TILA telecollaboration tasks
Languages are used in face-to-face situations but nowadays they are also used in computer-and-mobile-device mediated communication. So, it seems reasonable that the use of the foreign language should be promoted in these two contexts.
The TILA project is based on the use of telecollaboration (TC) and we believe the best way is through a task-based approach. This in turn means that teacher and student in TC need to change – although many of the more modern approaches to the teaching of languages have already been implemented in non-virtual classrooms.
Autonomous learning is promoted by having the pupils carry out tasks and solve problems in pairs or small groups. For us it is essential to promote negotiation of meaning through participation and to enhance participation and dialogue between pupils who are geographically distant.
Tasks in TILA are divided into three phases. The pre-task phase involves explaining to one’s own pupils what they have to do and, if needed, supplying them with the vocabulary and structures they will be using. In the main phase, pupils carry out the tasks using video conferencing, virtual words, chats, etc. In the post-task phase the teacher gets and offers feedback.
The preparatory phase activates background knowledge and prepares pupils to make predictions. Those are the two basic aims of any preparatory phase in a good lesson plan and that way we help pupils to promote schemata which is an essential part of the comprehension process. At the same time, by reviewing some of the vocabulary and grammar sturctures that pupils will be using in the main phase, we are also anticipating possible problems and we are preparing learners for the actual telecollaboration session.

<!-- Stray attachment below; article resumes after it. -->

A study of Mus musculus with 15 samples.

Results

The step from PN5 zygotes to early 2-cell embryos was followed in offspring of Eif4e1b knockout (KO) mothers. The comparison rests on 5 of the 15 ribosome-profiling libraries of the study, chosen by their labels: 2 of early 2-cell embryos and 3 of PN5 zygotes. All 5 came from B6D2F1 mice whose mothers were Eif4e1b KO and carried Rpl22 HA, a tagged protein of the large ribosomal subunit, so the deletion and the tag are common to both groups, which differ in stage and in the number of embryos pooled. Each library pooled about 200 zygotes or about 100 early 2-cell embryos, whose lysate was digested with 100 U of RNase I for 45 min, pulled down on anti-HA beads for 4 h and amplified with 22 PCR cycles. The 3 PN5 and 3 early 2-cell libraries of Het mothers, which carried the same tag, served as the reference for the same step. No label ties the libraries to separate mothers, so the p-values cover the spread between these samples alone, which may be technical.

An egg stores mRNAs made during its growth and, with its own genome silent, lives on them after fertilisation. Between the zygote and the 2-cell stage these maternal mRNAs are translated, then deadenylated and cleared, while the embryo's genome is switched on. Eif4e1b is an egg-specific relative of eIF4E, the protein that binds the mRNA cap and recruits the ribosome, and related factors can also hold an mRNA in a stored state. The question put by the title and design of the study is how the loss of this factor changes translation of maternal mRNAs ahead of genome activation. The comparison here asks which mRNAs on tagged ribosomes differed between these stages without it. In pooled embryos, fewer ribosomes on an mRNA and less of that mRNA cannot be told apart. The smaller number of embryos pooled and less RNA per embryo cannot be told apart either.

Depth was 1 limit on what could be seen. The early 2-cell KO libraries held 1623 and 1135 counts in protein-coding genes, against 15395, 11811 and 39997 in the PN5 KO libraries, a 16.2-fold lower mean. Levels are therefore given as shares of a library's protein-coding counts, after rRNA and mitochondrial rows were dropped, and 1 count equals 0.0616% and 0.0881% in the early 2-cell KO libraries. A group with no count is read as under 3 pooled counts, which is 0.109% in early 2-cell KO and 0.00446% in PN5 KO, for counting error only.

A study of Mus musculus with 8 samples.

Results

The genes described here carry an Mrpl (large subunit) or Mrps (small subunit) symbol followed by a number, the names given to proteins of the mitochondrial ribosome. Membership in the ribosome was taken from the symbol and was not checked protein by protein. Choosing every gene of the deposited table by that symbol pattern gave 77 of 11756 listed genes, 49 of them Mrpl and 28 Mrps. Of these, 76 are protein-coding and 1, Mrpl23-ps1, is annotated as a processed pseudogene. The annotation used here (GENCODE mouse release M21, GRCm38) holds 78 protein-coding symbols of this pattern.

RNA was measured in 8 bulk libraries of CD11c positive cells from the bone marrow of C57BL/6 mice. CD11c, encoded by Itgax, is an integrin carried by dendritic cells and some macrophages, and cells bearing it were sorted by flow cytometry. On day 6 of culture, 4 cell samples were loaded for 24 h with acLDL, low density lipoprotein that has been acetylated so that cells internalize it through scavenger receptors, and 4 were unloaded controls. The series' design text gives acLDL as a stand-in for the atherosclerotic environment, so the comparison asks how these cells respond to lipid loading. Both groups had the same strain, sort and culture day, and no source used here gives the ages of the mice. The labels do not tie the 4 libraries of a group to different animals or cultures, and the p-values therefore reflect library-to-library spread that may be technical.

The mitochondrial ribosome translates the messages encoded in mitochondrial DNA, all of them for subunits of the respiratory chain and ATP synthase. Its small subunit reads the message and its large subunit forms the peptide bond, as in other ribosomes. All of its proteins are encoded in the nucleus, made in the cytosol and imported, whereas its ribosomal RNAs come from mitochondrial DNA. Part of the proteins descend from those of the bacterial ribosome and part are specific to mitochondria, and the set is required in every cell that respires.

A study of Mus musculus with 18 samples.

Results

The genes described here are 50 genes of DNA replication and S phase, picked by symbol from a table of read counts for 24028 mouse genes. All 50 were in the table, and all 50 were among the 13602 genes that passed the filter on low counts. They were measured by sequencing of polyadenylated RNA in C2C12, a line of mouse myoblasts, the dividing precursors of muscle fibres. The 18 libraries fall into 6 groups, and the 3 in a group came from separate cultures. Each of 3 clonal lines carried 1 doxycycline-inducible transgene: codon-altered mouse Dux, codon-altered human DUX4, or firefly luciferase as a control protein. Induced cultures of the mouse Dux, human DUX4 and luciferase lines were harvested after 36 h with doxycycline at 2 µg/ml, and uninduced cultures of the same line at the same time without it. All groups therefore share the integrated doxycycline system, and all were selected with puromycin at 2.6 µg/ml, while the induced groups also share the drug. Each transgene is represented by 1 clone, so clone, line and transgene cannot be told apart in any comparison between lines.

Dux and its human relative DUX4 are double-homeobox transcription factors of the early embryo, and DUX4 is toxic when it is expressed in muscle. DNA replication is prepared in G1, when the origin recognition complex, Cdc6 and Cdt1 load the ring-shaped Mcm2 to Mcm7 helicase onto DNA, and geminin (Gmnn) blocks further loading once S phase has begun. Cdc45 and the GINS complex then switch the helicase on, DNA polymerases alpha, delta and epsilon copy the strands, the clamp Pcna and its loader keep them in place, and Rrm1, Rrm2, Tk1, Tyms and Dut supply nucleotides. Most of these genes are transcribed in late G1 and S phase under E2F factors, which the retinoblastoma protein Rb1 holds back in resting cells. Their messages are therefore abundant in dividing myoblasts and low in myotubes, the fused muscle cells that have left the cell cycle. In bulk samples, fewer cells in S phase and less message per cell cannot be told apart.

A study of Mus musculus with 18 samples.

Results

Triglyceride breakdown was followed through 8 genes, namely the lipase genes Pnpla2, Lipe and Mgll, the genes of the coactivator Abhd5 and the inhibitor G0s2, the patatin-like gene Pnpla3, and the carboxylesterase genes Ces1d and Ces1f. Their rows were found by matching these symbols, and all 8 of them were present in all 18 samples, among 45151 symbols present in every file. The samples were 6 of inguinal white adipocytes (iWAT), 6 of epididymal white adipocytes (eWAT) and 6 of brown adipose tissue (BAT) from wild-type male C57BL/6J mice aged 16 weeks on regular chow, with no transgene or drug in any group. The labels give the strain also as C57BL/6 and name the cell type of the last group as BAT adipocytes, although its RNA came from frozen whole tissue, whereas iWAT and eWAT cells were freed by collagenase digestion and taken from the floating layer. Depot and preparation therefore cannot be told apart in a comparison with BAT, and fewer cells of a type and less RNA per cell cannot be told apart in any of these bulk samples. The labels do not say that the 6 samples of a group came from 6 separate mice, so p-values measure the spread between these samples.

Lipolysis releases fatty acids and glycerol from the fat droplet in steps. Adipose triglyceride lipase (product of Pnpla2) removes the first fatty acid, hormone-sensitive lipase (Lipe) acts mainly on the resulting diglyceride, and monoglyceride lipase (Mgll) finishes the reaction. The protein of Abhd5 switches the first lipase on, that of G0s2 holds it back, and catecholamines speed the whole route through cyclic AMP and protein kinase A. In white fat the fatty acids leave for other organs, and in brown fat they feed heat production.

During the main task phase, which is when pupils actually carry out the telecollaborative activity, pupils play the main role and the teacher is a mere facilitator. This part of the task promotes autonomous learning and collaborative work.
Finally, the aim of the post-task phase is to provide pupils with feedback (on their possible linguistic, communicative and intercultural problems), but also to receive feedback from them. We are interested in finding out what things they found more interesting, what they liked least, their appreciation of the level of difficulty, their view on intercultural aspects and so on. We can use this part of the lesson as an expansion activity. We can work with the whole class by asking the pupils that took part in the exchange to report to the other members of the class or by getting them to carry out other types of activities related to the topic used in the task that involve the whole group of pupils (for instance, a writing task, a speaking activity, a reading lesson, etc.). That way, apart from consolidating what they have learnt in the two previous phases, we will also be able to raise awareness of some important intercultural aspects.